Members of the OSBA board of directors and legislative policy committee visited Washington, D.C., this week to meet with Oregon’s congressional delegation as part of the National School Boards Association's 2017 Advocacy Institute.
OSBA members covered a broad range of important issues in meetings held Jan. 31. Members urged Oregon’s senators and representatives to continue refining the Every Student Succeeds Act while also adding flexibility for the state and local school districts. Also on members’ minds was finding a long-term solution to ensure that county timber payments continue to support public schools. Additionally, members expressed concerns about flexibility for districts as they consider changes to the Child Nutrition Act and the need for increased funding for programs that help children living in poverty (Title I) and children with special education needs (IDEA).
The Advocacy Institute included two days of workshops to help more than 600 school board members from around the nation understand the policy and political climate related to K-12 education issues in Congress. Attendees heard informative and passionate keynote addresses from high-ranking members of Congress, including Rep. Virginia Foxx (R-N.C.), chair of the Committee on Education and the Workforce, and Rep. Bobby Scott (D-Va.) and Rep. Tim Walberg (R- MI), both members of the Committee on Education and the Workforce.
Doris Kearns Goodwin, presidential historian, author and commentator on CNN and “Meet the Press,” gripped attendees with an hour of inspiring comments on the history of several former presidents. She compared former presidents’ challenges before taking office through their time in the White House to the current administration’s lead-up to taking office. She then challenged the new administration to step up to the plate.
A common theme surfaced as each speaker and panel encouraged the attendees to advocate on behalf of their students. It is vitally important for our elected officials in Congress to hear from school board members about all the challenges our students and schools are facing. Face-to-face meetings with our congressional delegation in Washington, D.C., are critical to their understanding of what is happening back home in schools.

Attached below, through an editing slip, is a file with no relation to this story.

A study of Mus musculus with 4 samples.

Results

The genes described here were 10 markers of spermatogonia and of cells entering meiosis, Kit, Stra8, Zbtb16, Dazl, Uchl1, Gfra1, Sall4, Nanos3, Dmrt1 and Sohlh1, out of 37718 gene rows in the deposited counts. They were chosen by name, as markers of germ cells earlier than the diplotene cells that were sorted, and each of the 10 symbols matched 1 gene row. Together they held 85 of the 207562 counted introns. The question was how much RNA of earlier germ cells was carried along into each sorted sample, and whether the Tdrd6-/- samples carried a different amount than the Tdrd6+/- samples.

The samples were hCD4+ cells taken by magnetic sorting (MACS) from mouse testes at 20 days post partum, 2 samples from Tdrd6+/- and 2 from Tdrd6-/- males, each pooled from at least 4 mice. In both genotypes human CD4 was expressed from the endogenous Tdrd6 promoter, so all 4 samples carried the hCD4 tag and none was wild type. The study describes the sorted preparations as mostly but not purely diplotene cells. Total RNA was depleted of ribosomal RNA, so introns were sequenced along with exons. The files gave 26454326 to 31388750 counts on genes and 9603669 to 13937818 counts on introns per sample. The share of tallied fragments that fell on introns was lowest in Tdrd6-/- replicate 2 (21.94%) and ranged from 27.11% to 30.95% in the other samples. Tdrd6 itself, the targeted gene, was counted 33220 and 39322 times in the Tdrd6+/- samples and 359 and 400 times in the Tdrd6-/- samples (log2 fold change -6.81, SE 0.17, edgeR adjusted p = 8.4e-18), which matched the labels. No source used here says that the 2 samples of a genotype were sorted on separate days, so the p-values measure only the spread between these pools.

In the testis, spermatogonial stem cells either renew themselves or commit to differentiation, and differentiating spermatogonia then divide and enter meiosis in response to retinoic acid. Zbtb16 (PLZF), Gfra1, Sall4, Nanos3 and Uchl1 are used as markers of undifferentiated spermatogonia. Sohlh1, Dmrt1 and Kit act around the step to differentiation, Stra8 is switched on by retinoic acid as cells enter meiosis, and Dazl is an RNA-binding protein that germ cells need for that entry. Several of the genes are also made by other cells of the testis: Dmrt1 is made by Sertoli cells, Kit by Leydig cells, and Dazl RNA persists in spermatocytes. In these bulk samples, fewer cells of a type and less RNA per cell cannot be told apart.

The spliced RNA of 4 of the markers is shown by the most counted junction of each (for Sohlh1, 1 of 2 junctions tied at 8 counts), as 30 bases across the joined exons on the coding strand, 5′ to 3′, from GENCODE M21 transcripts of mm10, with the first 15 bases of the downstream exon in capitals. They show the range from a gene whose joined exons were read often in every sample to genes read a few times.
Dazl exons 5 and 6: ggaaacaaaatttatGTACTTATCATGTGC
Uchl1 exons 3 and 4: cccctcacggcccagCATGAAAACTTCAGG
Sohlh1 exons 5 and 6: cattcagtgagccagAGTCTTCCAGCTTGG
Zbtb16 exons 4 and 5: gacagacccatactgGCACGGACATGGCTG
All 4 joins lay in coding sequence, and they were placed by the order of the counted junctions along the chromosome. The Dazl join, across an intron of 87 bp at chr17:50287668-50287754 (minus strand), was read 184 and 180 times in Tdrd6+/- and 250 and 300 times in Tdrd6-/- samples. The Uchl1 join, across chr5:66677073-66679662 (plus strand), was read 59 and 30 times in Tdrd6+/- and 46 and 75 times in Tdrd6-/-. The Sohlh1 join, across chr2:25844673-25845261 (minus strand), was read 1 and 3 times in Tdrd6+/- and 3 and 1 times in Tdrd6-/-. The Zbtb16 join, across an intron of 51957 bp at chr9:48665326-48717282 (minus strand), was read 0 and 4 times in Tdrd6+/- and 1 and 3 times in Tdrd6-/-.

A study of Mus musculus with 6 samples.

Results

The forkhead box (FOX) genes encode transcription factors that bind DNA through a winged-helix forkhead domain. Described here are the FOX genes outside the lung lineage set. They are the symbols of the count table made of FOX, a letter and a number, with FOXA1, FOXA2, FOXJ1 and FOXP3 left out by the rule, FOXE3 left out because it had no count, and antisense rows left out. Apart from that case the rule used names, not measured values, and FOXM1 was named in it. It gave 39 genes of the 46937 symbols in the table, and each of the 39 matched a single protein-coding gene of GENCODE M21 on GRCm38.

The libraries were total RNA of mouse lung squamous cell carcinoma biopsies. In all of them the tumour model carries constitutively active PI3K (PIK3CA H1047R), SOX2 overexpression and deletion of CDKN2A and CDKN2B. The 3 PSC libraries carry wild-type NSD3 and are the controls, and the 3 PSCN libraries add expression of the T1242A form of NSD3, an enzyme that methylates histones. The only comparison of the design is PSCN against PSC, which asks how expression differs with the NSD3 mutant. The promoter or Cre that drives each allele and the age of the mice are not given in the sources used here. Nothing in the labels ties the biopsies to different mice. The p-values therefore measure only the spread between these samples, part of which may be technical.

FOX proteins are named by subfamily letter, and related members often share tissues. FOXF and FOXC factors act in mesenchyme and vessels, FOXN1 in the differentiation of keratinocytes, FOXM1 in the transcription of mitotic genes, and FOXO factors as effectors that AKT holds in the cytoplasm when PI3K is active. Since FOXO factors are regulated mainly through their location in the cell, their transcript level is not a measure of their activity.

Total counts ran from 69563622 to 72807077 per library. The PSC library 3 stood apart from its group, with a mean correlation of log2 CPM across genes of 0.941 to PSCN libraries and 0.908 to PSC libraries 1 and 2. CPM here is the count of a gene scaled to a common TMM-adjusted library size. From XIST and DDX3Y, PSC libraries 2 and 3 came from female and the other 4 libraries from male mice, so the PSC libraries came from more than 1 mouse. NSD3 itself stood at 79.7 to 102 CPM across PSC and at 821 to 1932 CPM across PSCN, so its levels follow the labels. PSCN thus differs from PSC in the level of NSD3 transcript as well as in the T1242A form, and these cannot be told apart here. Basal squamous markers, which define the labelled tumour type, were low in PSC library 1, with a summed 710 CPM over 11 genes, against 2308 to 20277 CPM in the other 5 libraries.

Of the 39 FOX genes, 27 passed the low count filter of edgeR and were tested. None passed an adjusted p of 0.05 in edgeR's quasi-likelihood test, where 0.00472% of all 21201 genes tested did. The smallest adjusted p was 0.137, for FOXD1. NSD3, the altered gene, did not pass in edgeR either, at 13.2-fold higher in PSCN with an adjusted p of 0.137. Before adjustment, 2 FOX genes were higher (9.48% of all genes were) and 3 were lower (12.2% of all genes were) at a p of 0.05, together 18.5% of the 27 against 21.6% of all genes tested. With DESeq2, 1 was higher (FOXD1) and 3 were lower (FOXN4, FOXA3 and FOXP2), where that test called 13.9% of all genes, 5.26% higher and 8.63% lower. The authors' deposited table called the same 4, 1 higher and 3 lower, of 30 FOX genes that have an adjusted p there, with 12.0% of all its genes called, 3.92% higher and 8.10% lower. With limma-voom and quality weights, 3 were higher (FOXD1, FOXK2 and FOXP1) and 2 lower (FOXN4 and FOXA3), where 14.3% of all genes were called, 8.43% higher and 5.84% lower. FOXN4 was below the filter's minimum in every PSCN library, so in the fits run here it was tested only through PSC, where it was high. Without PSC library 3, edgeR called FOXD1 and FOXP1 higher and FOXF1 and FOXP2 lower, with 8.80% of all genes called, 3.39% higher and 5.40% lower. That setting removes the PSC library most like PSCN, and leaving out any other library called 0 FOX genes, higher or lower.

A similar underlying theme surfaced during the day on Capitol Hill. Congressional members appreciated the important role that locally elected school board members play in determining how children in their communities are educated. Oregon has a strong tradition of board members leading at the district level that contrasts with the growing role the federal government is asserting over education through increased mandates and conditions for federal funding. OSBA’s delegation made it clear: Our districts need federal mandate relief and flexibility so scarce resources can be focused on increasing student achievement.
OSBA board members in Washington, D.C., for NSBA's Advocacy Institute included President Betty Reynolds (West Linn-Wilsonville SD), President-elect LeeAnn Larsen (Beaverton SD), Past President Dr. Doug Nelson (High Desert ESD), Vice President Tass Morrison (North Santiam SD), Secretary-treasurer Don Cruise (Philomath SD), Maureen Wolf (Tigard-Tualatin SD), Kris Howatt (Gresham-Barlow SD), Cheri Helt (Bend-La Pine SD) and Hank Perry (Douglas ESD). OSBA legislative policy committee members included Andrew Bryan (Baker SD), Kim Strelchun (Hillsboro SD) and Dawn Watson (Phoenix-Talent SD).
OSBA members visit with U.S. Rep. Kurt Schrader (center) on Capitol Hill. (From left: Dr. Doug Nelson, Tass Morrison, Betty Reynolds and Andrew Bryan)
The OSBA board of directors and legislative policy committee spent time in the U.S. Capitol to meet with the Oregon congressional delegation and other members of Congress.